According to a recent report, researchers at Germany's Max Planck Institute (MPI) for Biophysical Chemistry have developed antibodies that are highly potent and stable and can effectively block SARS CoV-2, the virus which causes COVID-19 [1].

The antibodies were developed from the blood of alpacas, a species of South American camelid mammal that looks like a llama. The scientists claim the mini-antibodies are effective against the new COVID variants and are up to 1000 times better than previously developed mini-antibodies [2]. Moreover, the researchers were able to perfect the mini-antibodies to such an extent that they are highly stable and heat-resistant [3].

COVID-19 Antibodies Developed From Alpaca Blood: Everything You Need To Know

As India is bracing itself for the possible advent of the COVID-19 third wave, Middle East has reported the fourth wave, triggered by the delta-variant [4]. Amidst this comes the study findings of alpaca blood antibodies, which could become a promising agent for treating COVID-19.

Efforts to design a safe vaccine for COVID-19 are moving forward. Yet, experts agree that it's likely to be a year, at least, before immunisation is ready. In the meantime, European scientists are exploring ingenious ways, such as the help of alpacas, using the latest techniques in molecular manipulation to repair coronavirus-induced lung damage or block the virus before it wreaks havoc in the body [5].

How are antibodies developed? How are they different from vaccines?

Vaccines are given to people when they are well, prompting them to develop their antibodies, whereas antibody therapy is administered when an infection has taken hold and a patient is struggling to develop or function through their own immune response [6].


And they are also considered a major medical tool to fight severe viral infections, such as COVID-19, although, to date, only one mAb has been approved for this purpose.

Why were alpacas chosen for the study?

Three alpaca mares Britta, Nora and Xenia, provided the blueprints for the COVID-19 nanobodies. The research team is focusing on mice, rhesus macaques and alpacas, and alpacas were shown to have a (possible) important role in producing particularly interesting antibody fragments, known as 'single domain', antibodies, which allow for fast antibody discovery and large-scale antibody production [8].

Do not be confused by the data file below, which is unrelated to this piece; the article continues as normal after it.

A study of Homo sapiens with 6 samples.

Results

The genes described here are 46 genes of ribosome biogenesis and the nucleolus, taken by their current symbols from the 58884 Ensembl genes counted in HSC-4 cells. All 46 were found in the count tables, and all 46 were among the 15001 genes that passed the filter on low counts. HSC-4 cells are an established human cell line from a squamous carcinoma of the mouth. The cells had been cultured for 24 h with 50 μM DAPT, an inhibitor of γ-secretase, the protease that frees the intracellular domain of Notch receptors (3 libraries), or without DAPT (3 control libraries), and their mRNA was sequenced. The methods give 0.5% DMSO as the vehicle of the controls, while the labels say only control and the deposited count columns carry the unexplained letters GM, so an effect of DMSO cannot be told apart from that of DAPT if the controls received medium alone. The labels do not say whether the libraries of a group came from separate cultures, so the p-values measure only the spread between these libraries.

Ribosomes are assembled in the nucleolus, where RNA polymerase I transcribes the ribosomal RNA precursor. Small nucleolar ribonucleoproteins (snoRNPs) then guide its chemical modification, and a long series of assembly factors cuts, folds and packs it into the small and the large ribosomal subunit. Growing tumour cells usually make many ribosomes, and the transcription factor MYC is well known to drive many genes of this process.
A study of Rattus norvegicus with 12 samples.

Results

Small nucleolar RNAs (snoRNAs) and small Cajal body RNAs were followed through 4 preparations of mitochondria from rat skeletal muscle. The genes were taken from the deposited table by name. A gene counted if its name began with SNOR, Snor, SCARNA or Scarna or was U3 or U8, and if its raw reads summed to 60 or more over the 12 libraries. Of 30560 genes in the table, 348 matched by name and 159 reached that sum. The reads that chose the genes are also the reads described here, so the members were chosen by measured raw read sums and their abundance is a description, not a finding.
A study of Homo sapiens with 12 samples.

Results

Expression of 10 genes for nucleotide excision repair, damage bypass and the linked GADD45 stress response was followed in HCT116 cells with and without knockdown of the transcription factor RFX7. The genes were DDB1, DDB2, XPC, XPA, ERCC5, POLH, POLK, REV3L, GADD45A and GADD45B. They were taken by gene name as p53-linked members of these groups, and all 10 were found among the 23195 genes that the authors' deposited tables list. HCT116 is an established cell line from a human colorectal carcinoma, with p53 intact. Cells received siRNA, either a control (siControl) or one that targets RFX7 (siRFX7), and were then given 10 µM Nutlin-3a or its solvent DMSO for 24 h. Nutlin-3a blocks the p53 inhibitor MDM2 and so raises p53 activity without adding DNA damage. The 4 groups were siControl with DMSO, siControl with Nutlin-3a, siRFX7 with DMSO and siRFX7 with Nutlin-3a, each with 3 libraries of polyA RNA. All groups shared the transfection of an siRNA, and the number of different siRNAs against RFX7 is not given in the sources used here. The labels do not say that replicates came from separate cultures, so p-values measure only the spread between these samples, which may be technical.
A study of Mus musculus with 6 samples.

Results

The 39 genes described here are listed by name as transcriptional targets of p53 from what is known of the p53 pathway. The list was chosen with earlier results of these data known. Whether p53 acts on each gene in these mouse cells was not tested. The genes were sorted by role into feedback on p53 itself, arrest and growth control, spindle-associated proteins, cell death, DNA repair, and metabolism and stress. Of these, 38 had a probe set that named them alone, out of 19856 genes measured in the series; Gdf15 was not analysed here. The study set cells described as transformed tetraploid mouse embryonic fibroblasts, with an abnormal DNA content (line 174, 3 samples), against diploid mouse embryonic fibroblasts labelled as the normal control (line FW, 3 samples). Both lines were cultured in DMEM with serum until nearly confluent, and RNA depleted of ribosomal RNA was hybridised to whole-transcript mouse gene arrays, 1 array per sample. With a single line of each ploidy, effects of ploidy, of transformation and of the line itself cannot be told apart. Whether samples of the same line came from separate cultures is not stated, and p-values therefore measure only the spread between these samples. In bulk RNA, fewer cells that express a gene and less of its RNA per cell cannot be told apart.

Mining the alpaca antibody repertoire is currently underway. Over the next few weeks, the researchers will be testing the neutralising activity of the produced antibodies against SARS-CoV-2.

The researchers had inoculated their alpacas with part of the spike protein of the first known SARS-CoV-2 virus. Their immune systems also produced antibodies active against the alpha, beta, gamma and delta variants of the virus.

"If our nanobodies prove to be too ineffective against a future variant, we can re-immunise the alpacas. Since they have already been vaccinated against the virus, they would very quickly adapt their antibodies to the new variants," the scientists added.


As nanobodies are easier to produce in comparison to other treatment methods due to the low cost of production, they can be produced inexpensively and quickly in large quantities, meeting the global need for COVID-19 drugs. Even the simplest mini-antibodies from the Göttingen researchers bind up to 1000 times more strongly to the spike protein than previously developed nanobodies against COVID-19 [9].

These antibodies bind very well to the mutant receptor-binding domains of the alpha, beta, gamma and delta strains. "Our simple nanobodies may be suitable for being inhaled to contain the virus in the respiratory tract. Also, because they are very small, they can easily penetrate tissues and prevent the virus from spreading further directly at the site of infection," said one of the scientists [10].

On A Final Note...

The study added that the COVID-19 antibodies are being prepared for clinical trials.